Duty of care is a critical element of medical malpractice claims

Oct 19, 2017

The actions of a doctor can help — or sometimes hurt — a person. When a patient is harmed, he or she may be entitled to compensation for the damages suffered if the doctor was negligent.

Two important questions will come up in a medical malpractice case. (1) Did the physician have a duty of care to the patient? (2) If so, did the physician meet the standard of care. These concepts are discussed in more detail below. If you think you might have a medical malpractice lawsuit, talk to an attorney who can determine if you have grounds to sue the doctor and/or the medical facility.

Professional relationship

In the United States, a doctor isn’t obligated to provide medical services until that person has an established doctor-patient relationship. This relationship is not created simply by emailing a doctor about your medical problem or making an appointment. It is  requires a one-on-one consultation, exam or treatment. In the absence of that relationship, there is no duty of care and therefor basis for launching a medical malpractice lawsuit

A doctor-patient relationship is established when the doctor accepts the person as a patient. This is done when the doctor cares for the patient in an office, the emergency room, a clinic or another accepted location for medical care. Once a patient has an established relationship with a doctor, the doctor has a duty to care for that patient until the doctor or patient formally discontinues the relationship.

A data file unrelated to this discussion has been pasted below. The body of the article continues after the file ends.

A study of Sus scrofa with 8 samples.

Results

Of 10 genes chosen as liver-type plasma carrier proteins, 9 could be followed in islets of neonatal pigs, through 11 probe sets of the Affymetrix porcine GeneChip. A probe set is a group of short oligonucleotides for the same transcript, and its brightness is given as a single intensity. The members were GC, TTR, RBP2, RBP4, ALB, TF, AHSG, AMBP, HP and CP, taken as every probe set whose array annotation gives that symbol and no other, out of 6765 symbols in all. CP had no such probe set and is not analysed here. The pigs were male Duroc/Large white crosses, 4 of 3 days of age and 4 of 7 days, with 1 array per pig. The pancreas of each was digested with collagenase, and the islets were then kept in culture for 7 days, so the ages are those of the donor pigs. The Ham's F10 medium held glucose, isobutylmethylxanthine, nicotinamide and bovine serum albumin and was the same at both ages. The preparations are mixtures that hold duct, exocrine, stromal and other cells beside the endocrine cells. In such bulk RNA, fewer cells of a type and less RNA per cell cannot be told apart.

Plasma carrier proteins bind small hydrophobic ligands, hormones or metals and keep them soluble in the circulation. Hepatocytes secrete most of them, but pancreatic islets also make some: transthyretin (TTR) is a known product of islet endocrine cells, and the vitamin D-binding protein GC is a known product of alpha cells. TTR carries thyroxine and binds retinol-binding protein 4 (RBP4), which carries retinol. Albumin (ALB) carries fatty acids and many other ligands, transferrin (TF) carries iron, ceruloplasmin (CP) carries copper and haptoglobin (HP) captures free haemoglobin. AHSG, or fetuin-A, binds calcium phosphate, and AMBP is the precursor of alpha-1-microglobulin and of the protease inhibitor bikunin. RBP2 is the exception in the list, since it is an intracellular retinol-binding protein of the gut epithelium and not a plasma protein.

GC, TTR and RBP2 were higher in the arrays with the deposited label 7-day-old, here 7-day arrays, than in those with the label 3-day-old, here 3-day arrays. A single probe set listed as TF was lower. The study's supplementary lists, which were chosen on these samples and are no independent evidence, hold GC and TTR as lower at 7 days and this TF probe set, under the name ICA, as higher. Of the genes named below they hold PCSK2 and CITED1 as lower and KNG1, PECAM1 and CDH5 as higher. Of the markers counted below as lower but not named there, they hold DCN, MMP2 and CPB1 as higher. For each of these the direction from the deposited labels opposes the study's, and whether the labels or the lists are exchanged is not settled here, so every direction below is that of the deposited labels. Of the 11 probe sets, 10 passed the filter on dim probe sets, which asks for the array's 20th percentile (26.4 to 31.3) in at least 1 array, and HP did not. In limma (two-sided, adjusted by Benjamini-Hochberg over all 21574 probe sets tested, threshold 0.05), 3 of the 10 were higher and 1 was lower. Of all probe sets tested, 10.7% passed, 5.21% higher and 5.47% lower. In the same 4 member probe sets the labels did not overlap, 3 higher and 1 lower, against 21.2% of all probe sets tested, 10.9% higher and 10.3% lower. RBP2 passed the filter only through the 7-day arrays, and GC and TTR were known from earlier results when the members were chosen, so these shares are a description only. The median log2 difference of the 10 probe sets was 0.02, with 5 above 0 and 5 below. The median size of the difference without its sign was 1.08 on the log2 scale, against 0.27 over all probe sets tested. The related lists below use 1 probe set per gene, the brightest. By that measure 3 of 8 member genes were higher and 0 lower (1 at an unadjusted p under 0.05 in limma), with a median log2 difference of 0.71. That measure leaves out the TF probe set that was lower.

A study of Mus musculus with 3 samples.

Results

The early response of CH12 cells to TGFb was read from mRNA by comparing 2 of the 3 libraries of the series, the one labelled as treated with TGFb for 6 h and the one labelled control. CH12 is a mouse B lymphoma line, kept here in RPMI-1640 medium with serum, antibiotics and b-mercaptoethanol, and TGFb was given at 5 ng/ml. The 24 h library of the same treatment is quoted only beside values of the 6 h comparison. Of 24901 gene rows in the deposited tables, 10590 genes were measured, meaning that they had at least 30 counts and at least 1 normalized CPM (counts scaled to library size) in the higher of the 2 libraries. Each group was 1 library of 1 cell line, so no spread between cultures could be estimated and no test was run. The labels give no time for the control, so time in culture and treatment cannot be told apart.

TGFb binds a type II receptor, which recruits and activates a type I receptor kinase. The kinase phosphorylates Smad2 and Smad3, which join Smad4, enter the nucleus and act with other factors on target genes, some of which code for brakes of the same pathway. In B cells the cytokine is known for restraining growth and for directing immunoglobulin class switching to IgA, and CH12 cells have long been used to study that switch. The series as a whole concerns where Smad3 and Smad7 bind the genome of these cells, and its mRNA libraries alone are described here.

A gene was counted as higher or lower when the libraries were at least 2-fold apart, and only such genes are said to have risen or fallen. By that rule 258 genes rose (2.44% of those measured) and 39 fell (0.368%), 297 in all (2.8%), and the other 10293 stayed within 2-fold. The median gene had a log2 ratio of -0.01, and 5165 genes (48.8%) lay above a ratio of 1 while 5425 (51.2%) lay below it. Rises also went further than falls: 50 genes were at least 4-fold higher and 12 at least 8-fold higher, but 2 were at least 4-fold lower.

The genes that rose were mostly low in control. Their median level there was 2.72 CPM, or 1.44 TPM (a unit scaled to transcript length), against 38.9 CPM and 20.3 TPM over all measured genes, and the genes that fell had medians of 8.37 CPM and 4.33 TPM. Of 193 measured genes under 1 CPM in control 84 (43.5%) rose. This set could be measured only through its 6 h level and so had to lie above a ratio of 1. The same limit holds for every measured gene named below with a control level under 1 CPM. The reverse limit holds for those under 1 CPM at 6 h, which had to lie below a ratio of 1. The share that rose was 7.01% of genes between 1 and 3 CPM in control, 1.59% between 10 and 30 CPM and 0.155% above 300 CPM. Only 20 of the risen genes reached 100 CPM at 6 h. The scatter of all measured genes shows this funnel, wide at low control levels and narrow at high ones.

Duty of care limitations

There are limits to duty of care. This prevents doctors from having to remain on duty around the clock to help people who aren’t their patients. For example, a doctor who is watching a movie in a theater has no duty to provide medical service to a person choking on popcorn. If the doctor does not help that person, the person can’t sue the doctor for breach of duty. If the off-duty doctor does render aid, he or she would likely be immune from lawsuits under “Good Samaritan” laws. However, if the person chokes on popcorn in the doctor’s office, the doctor would have a duty because the person is under his or her direct care.

Standard of care varies

The “standard of care” refers to the accepted protocols among medical peers. A doctor’s standard of care varies with the circumstances. The standard of care depends on several factors, including the doctor’s training and skill. Information given to the doctor when determining a diagnosis or treatment plan also matters.

The standard of care for a cardiologist who is treating a person with an enlarged heart would be much different than it would be for a general practitioner who is treating the same patient who complains of chest pains. This is one reason why doctors are likely to refer patients with serious health problems or suspected health problems to specialists for a diagnosis or treatment plan. In fact, that referral may be part of the standard of care.

When the duty of care is met but the standard of care is not met, the patient might suffer great harm. This can lead to other life impacts, such as financial difficulties and increased medical care needs. That in turn can lead to a medical malpractice lawsuit to recover compensation for the personal and financial hardships of the doctor’s negligence or substandard care.